Named AXI, for American Express Interactive, the service allows companies to use their preferred air carriers, discounts, and travel policies in a customized profile. It is designed to get the lowest fares and allow travelers to make last-minute flight changes--without a travel agent.
In today's demonstration, Amex executives booked a flight between Chicago and Dallas, a rental car from Hertz, and a hotel room online in less than 10 minutes. The service typically will cost up to 40 percent less per transaction than a traditional booking, excluding set-up fees, said Mike Mulligan, a senior vice president for American Express. He said the product goes into beta in July and will roll out this fall.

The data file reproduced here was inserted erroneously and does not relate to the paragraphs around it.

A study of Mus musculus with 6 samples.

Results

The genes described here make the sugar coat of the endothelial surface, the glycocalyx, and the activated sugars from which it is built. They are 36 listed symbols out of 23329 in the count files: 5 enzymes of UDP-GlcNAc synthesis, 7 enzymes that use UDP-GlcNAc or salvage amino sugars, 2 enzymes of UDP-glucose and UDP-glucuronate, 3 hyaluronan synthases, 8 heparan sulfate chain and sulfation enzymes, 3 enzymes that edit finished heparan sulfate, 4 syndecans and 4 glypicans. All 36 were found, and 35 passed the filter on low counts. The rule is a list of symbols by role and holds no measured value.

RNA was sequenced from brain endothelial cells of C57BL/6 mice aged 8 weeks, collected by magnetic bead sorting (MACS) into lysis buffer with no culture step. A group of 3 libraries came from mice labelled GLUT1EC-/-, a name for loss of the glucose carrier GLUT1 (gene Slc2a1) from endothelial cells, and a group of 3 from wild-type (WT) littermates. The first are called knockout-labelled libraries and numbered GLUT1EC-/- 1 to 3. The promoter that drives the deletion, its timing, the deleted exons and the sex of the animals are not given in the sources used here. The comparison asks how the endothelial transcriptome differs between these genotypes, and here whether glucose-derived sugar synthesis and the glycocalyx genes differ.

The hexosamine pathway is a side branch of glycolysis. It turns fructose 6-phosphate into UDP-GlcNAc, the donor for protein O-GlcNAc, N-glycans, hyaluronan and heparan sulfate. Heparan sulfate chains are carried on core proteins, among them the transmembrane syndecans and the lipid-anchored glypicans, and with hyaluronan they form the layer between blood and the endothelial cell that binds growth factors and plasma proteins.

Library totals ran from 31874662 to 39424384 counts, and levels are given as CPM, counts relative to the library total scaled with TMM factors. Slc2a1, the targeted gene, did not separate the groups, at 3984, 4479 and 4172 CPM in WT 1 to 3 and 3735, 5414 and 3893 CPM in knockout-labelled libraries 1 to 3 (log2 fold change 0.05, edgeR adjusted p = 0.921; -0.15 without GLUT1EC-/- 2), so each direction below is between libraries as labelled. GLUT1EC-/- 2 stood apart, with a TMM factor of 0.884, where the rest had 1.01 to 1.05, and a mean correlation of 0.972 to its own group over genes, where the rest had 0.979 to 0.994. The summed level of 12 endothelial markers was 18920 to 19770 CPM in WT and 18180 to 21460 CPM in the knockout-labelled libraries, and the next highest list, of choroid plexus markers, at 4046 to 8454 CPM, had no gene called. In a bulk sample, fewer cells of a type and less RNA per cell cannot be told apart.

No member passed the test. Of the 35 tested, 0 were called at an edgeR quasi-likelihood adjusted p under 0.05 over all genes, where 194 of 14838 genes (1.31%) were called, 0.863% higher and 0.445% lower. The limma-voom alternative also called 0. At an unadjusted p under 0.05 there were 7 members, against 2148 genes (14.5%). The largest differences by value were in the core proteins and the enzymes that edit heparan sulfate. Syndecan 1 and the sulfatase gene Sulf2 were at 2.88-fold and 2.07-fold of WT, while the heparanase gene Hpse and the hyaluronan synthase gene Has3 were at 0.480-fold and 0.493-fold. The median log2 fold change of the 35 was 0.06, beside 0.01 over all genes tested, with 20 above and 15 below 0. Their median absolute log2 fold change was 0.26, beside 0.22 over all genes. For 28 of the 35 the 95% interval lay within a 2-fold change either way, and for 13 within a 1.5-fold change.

"More than a quarter of our customers--representing $4 billion in annual travel bookings--say they want to try this," Mulligan said. The reason: Travel and entertainment often is the third-largest expense for companies, behind labor and data processing. U.S. companies spend $15.8 billion annually in this market, he added.
For Microsoft, it is the latest example of the company's expansion into new interactive ventures. The service is not meant to compete with Expedia, the Microsoft travel service aimed largely at consumers.
Microsoft and American Express are well-recognized brand names, but the venture faces competition from other online services and established travel agents.
Online travel is projected to be one of the fastest-growing segments of e-commerce.
Still, many companies prefer to have in-house travel agents on call. Their employees prefer face-to-face contact, and some of them complain that the services are too time-consuming and hard to use.